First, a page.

As the end of the current cycle approaches, hotels are investigating as many avenues as possible to remain successful in the event of an economic downturn. According to a recent North American Hospitality Review released by TravelClick, the lifeline for many hotels appears to be the group segment, which is showing booking numbers up nearly 7 percent in March compared to the same period in 2015, meanwhile new commitments added in March 2016 are down 0.2 percent.
The group segment might be one of the safest to invest in right now, according to John Hach, TravelClick’s senior industry analyst, who remains cautiously optimistic about the segment’s steady growth. “It was the last segment to come back around two years ago, and it’s showing signs of the most stabilized growth over the last [six to nine] months,” Hach said.
According to Hach, the pressure to spend less on corporate travel could be the source of transient’s shrink, as the economics are behind large groups traveling less frequently. This switch was unexpected for the analysts at TravelClick, but at the same time it makes sense. Travel is the second largest expense for many companies, following employment.
“It’s a very sophisticated process for them right now,” Hach said. “I see an austerity and more of a rationalization when it comes to justifying the costs.”
Getting the group
To Dom Beveridge, EVP of demand generation for the Rainmaker Group, a provider of profit optimization solutions, calling modern corporate travel strategy sophisticated is an understatement. The process for corporations to issue group travel requests for proposals to hotels has gradually become easier over the past 10 years, though it hasn’t become any easier for hotels to process them.
“If you are a meeting planner, it’s trivial now to send RFPs to dozens of hotels because it’s all electronic,” Beveridge said. “For hotels though, you now have a huge accumulation of work that has to be done.”
The level of work associated with group business and revenue management is directly rooted in the level of accuracy hotels are striving for in modern revenue management. According to Beveridge, choosing the best rate for groups and processing RFPs in hotels has not kept pace with the speed at which they can be generated, a problem that so far has no solution. But it may be a necessary problem created as a result of better understanding revenue management and the way groups are booking, though there are some ways technology can assist with the process.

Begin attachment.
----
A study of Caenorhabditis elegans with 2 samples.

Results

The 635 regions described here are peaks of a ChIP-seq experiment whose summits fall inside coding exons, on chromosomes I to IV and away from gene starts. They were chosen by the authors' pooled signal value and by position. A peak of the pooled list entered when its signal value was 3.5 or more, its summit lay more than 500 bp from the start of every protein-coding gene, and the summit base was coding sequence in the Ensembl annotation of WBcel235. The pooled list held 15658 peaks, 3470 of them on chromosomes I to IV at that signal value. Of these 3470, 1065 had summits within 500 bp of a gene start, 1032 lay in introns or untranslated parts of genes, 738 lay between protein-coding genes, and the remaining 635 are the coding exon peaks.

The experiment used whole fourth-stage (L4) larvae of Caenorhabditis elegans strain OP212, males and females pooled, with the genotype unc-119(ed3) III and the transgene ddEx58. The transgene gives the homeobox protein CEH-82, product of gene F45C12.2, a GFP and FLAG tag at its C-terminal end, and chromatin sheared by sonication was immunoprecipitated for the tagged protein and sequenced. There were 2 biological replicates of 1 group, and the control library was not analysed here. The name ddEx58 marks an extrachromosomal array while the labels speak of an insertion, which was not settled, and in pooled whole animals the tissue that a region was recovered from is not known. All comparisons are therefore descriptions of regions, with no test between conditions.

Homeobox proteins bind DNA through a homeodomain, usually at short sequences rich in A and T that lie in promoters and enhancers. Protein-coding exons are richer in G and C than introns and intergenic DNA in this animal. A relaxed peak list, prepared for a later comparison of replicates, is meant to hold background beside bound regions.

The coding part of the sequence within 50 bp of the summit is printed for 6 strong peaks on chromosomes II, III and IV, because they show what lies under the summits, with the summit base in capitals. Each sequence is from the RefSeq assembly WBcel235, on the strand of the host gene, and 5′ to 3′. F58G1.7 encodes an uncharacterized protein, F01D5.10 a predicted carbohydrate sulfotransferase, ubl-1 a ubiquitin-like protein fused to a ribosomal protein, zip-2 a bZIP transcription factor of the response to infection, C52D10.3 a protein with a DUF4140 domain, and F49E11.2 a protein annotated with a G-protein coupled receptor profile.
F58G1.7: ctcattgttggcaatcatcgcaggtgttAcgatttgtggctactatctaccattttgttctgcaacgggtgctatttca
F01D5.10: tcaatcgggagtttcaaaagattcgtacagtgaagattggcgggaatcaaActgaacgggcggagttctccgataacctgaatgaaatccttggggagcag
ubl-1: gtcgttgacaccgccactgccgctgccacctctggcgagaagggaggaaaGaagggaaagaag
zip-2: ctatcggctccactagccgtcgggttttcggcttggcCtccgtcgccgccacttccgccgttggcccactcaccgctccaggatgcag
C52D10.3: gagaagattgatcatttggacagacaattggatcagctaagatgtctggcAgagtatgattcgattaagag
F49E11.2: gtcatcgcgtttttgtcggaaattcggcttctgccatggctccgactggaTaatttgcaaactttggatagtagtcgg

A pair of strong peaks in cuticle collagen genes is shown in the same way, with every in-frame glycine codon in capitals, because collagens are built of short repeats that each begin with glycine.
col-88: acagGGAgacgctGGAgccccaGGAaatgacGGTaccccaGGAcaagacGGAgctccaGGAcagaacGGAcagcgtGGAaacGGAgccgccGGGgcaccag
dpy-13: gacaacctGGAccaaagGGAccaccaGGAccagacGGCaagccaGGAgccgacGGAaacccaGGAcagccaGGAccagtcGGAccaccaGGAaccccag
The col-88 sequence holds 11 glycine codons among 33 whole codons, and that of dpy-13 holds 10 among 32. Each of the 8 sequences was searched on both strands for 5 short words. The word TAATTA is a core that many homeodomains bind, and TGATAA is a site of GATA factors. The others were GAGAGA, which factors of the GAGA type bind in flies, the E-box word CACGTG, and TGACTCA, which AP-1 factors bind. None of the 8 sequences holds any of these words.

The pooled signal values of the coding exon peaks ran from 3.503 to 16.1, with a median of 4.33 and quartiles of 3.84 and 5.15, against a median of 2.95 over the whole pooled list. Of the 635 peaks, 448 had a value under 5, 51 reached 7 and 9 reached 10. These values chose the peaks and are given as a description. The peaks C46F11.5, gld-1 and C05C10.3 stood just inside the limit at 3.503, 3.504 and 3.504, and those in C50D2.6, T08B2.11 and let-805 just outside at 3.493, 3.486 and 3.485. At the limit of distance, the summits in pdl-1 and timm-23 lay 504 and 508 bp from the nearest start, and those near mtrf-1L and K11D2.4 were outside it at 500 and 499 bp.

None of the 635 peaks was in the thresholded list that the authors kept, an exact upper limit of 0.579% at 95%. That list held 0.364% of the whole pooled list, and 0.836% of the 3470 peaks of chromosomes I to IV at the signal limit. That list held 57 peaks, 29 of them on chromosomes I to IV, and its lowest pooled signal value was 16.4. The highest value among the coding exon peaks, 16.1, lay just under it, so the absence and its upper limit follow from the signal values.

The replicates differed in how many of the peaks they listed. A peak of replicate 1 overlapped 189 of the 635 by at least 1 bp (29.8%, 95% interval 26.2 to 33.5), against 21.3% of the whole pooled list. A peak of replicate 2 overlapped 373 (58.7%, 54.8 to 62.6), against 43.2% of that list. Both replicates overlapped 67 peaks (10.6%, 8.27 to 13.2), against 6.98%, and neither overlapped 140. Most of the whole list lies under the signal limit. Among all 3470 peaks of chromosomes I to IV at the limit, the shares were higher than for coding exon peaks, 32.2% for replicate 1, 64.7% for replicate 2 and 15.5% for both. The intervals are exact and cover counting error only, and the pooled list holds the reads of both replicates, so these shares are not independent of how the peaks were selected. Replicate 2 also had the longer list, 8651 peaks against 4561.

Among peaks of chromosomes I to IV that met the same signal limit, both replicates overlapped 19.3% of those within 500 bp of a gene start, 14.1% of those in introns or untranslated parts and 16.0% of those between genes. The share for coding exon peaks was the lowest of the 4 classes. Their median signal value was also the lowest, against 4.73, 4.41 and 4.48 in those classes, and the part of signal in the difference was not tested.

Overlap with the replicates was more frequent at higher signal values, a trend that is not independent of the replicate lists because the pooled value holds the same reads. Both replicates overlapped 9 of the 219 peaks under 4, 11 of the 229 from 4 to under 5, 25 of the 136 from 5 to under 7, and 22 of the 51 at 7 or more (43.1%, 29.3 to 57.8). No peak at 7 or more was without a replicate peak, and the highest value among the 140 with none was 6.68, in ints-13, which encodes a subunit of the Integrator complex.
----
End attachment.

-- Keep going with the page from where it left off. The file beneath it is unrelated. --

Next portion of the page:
“The thoroughness to which [a hotel] responds to an RFP is key,” Beveridge said. “We can use historical data for forecasting group booking activity as a way to prioritize different RFP responses.”
The biggest barrier to the success of proper revenue management in hotels, according to Beveridge, is training and application. First, Beveridge said, hotels need to recognize that guests arrive and leave at different times, creating a displacement effect that will leave a mark on your business. Second, all too often giving a hotel’s sales department a minimum rate to sell on can backfire, something Kevin Shanley, chief revenue strategist and yield director for Kalahari Resorts & Conventions, can substantiate.
“Revenue management in the past was very manual, and in the end your sales managers used to quote the lowest number they could,” Shanley said. “Hotels weren’t looking at space management and [food-and-beverage] revenue. Today’s technology takes these and so many other factors under concern.”
The best advice Shanley can offer to hoteliers looking to take control of their revenue management options is to take a segmented approach to group bookings and work at it diligently. “Even using a [minimum available rates] calendar, pick one that is strong with your segment,” he said. “Should sales quote the same rate to a corporate business that it would to a large family? No. You can solve this with segmentation.”
The next steps
Shanley also said to be sure your sales managers are adopting new technology and following up on trends and education. As for future expectations, he said he expects technology to further narrow the focus provided by revenue management until hotels are able to quote rates directly to individuals, all based on data.
“That’s the holy grail,” Shanley said. “And it’s absolutely feasible. There won’t be an out-of-the-box solution that will do it all, but a few systems working in concert will make this a reality in the near future by combining data through our [customer relationship management systems], Google, historical data and more.”
“So many of the next big advances in technology will use data to smooth the interaction between supply and demand,” Beveridge said. “They will get these systems talking to each other so we can enjoy the benefits.”